Mark DeRosa is batting just .194 following offseason wrist surgery and hasn’t been himself since first suffering the injury in the middle of last season, hitting .224 with a .293 on-base percentage and .374 slugging percentage in 83 games.
DeRosa is scheduled to be examined by a wrist specialist today after expressing his frustration with the injury during a radio interview yesterday:
I’m starting to question some things. I’m gonna get my wrist looked at. I’m not happy with the way I’m swinging the bat. I’ve gotten some pitches to drive over the last week or two that I’m just not getting to. I’m starting to wonder if it’s something physical. I mean, a slump can only last for so long. It seems like ever since I hurt this thing it’s been downhill.
DeRosa is 35 years old, so an age-based decline in ability is also possible, but he hit .277 with a .361 on-base percentage and .477 slugging percentage in the 216 games before suffering the injury. San Francisco handed out matching two-year, $12 million contracts to DeRosa and Freddy Sanchez this offseason, and just 30 games later they’re almost surely regretting both deals.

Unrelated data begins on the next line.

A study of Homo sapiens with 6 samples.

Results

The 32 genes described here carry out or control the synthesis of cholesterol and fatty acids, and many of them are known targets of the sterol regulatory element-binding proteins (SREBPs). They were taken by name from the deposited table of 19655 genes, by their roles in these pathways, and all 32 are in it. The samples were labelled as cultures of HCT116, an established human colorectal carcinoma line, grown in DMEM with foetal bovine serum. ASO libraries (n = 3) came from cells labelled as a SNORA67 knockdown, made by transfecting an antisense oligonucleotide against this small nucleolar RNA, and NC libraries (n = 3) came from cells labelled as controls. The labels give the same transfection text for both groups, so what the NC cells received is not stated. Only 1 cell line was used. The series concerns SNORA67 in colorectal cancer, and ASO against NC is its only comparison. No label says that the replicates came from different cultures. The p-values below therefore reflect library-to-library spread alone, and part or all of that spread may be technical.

Rob Biertempfel of The Athletic reports that the Pirates have decided to convert outfielder JB Shuck into a two-way player. Recent comments relayed from the club’s director of player development, Larry Broadway, indicated that the outfielder would be coached in developing his pitching skills while working at Triple-A Indianapolis.
Per Broadway, the change would be enacted to help the veteran outfielder develop some much-needed versatility in the majors, where he’s only ever been limited to outfield and DH responsibilities. Well, except for the two games in which he pitched an inning of relief: once, against the Nationals in a blowout 11-4 loss in 2016, then in a similarly painful loss to the Diamondbacks this past April. During the latter outing, he finished the game with a 13-pitch ninth inning after allowing just one hit and one walk.
Add to that one minor-league outing in 2012, and the 31-year-old Shuck has pitched just three times over the course of his 12-season career in pro ball. While he has three years of experience on the mound from his college days, he’ll need quite a bit of preparation to handle the kind of workload expected from a two-way outfielder/reliever: 20+ innings pitched over a season and 20+ games played as a designated hitter or position player.
Still, his lack of experience doesn’t seem to faze Broadway, at least not this early in the process. There’s no word yet on how soon Shuck would be expected to debut his new skillset on a major-league level.